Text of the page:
On the community forums a couple of threads are active about the Storage DRS Automation level behavior when trying to manually migrate a virtual machine between datastores in the same datastore cluster. When migrating within the datastore cluster, Storage DRS is disabled for that virtual machine. Some community members asked me why Storage DRS disables automation for this virtual machine when migrating between datastores inside a datastore cluster or when selecting a datastore during placement of a new virtual machine.
It is all about intent. When migrating a virtual machine into a datastore cluster, you are migrating the virtual machine into a load-balancing domain (the datastore cluster). You allow and trust Storage DRS to provide you an environment that provides an optimum load balanced state where the virtual machines receive the overall best I/O performance and the optimal placement regarding space utilization.
If the user wants to migrate the virtual machine to a different datastore inside the datastore cluster, Storage DRS is capturing this intent, as “user knows best”. The way this is designed is that if a datastore is selected, then user is telling us that the selected datastore is the best, i.e. user knows something Storage DRS doesn’t. And to prohibit any future migration recommendation to other datastores, Storage DRS is disabled to ensure permanent placement.
This behavior also applies when migrating a virtual machine into a datastore cluster. During initial placement it is expected that the user selects the datastore cluster, if the user wants to select a specific datastore it has to select “Disable Storage DRS for this virtual machine” in order to be able to select a member datastore.
But this brings me to the question I have; what is the reason for not trusting Storage DRS? Why do you manually select a datastore while using Storage DRS?
Apparently old habits die-hard and most tell me that their administrator feels like they could beat Storage DRS in placement.
I’ve written a couple of articles about it (plus two 100+ page chapters featured in two books) about the working of Storage DRS and trust me it’s very difficult to beat Storage DRS placement and migration recommendations. During development the engineers try to run an equivalent experiment to IBM big blue versus Gary Kasparov and lined up two world-class storage experts versus Storage DRS. Although they received answers to all their questions they could not match the overall performance improvement Storage DRS could provide.
Correlation of metrics
Storage DRS has a lot of visibility into the environment, it measures space growth rates of existing virtual machine with thin disks, snapshots, etc. It selects destination datastore based on current utilization and growth rates. It builds device models to understand the performance of the devices backing the datastore as well as measuring the overall load on the datastores. It creates workload models of the existing virtual machine and measures on multiple metrics. Due to the insights Storage DRS can decide to migrate virtual machines to other datastores in order to make room or avoid the I/O threshold. It analyzes the environment and prefers moving virtual machines with low storage vMotion overhead.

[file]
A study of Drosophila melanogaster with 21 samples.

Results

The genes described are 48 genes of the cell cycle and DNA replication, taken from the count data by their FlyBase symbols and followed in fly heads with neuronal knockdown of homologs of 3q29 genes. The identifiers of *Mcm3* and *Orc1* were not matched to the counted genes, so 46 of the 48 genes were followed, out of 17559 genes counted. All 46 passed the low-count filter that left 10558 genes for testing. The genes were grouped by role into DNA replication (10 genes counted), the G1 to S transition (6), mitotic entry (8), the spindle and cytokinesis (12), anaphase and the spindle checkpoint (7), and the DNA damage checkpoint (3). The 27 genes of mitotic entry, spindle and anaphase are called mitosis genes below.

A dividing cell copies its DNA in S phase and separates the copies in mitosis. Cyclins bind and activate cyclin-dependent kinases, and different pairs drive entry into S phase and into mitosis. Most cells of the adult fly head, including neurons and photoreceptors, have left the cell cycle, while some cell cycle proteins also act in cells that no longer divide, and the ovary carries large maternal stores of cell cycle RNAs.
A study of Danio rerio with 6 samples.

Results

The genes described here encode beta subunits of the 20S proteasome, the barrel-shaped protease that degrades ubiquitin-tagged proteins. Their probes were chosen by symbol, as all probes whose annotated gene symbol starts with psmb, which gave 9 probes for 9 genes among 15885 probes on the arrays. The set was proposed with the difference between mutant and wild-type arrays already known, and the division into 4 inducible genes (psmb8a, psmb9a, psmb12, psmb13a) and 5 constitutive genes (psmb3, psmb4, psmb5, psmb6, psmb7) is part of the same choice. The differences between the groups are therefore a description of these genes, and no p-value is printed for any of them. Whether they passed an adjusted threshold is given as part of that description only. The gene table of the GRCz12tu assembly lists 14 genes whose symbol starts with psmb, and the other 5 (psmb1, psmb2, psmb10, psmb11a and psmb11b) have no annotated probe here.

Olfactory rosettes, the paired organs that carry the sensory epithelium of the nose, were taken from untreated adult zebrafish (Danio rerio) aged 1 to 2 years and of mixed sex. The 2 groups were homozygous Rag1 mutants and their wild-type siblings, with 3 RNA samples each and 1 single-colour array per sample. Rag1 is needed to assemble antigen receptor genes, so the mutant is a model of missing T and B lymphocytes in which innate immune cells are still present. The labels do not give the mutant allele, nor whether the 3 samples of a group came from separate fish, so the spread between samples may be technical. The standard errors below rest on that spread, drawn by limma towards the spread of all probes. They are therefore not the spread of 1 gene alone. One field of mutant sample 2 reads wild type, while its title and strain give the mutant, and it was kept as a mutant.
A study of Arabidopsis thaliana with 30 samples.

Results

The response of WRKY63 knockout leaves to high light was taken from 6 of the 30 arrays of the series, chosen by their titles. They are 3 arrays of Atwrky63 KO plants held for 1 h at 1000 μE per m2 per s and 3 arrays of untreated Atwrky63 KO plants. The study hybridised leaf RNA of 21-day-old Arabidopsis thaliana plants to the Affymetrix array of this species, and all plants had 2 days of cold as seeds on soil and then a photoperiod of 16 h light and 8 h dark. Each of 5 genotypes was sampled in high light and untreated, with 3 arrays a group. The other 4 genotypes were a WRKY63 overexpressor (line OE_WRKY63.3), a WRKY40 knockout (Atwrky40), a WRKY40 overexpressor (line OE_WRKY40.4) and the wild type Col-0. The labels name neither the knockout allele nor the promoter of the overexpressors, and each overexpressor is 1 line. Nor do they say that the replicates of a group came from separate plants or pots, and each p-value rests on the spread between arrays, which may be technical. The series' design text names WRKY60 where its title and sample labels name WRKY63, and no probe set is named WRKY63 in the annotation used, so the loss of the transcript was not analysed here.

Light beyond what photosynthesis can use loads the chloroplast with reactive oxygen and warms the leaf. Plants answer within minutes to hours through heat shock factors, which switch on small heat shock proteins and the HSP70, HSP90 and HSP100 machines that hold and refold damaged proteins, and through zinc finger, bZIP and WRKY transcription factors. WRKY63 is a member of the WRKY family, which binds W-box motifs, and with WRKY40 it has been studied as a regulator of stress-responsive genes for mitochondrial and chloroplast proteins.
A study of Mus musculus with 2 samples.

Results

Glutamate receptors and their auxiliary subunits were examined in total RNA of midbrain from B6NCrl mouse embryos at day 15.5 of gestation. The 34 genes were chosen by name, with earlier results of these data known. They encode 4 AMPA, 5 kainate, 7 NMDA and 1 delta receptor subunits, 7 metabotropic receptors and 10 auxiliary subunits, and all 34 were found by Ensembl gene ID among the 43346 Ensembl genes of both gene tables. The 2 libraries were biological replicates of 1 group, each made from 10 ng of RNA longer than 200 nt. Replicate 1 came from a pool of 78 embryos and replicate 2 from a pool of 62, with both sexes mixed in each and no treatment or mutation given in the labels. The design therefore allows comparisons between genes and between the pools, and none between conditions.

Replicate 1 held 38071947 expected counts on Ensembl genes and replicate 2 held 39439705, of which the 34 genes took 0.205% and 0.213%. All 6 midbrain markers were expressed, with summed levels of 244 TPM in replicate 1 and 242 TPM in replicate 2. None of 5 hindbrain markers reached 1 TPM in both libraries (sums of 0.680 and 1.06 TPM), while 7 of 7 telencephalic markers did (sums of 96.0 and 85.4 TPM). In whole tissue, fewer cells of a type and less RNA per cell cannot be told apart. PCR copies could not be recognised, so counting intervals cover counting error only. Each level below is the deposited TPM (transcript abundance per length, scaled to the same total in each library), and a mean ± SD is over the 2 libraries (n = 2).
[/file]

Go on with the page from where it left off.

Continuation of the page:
For more information please read the following articles:
Storage DRS automation level and initial placement behavior
Storage DRS Initial placement and datastore cluster defragmentation
Avoiding VMDK level over commitment while using Thin disks and Storage DRS
If you have a specific use case, for example to run some benchmark test on a datastore, then the option “Disable Storage DRS for this virtual machine” helps you to prevent Storage DRS from interrupting your test. However I would recommend selecting the datastore cluster as a destination instead of a specific datastore when migrating a virtual machine into a datastore cluster. Read the article Storage vMotion migration into a datastore cluster for more information.
Remember Storage DRS always generate a recommendation that you can review during provisioning. After selecting the destination (datastore cluster), the user interface provides an overview of the current selections, at the right part of the screen a link “more recommendations” is provided.
After you click on the more recommendation link, the user interface provides you with a list of alternative recommendations. The order of the list is that the top recommendation provides the best placement, this is the same recommendation listed in the previous review selection screen. The list provides an overview of the space utilization before placement (2nd column), space utilization after placement (3rd column) and I/O latency before placement on the destination datastore (4th column). As the screenshot shows, the 2nd recommendation shows that placing the EMC-003 datastore provides the best placement. This datastore has the lowest utilization before and after placement and has the lowest I/O latency of all the other datastores inside the datastore cluster.
Use this screen to educate your team responsible for provisioning and placement, show them that Storage DRS take multiple metrics into account and review the impact of the result if they picked the datastore of their choice. For my education, please share your thoughts on why you want to manually select a datastore that is a part of a datastore cluster?
Why do you manually select a datastore while using Storage DRS?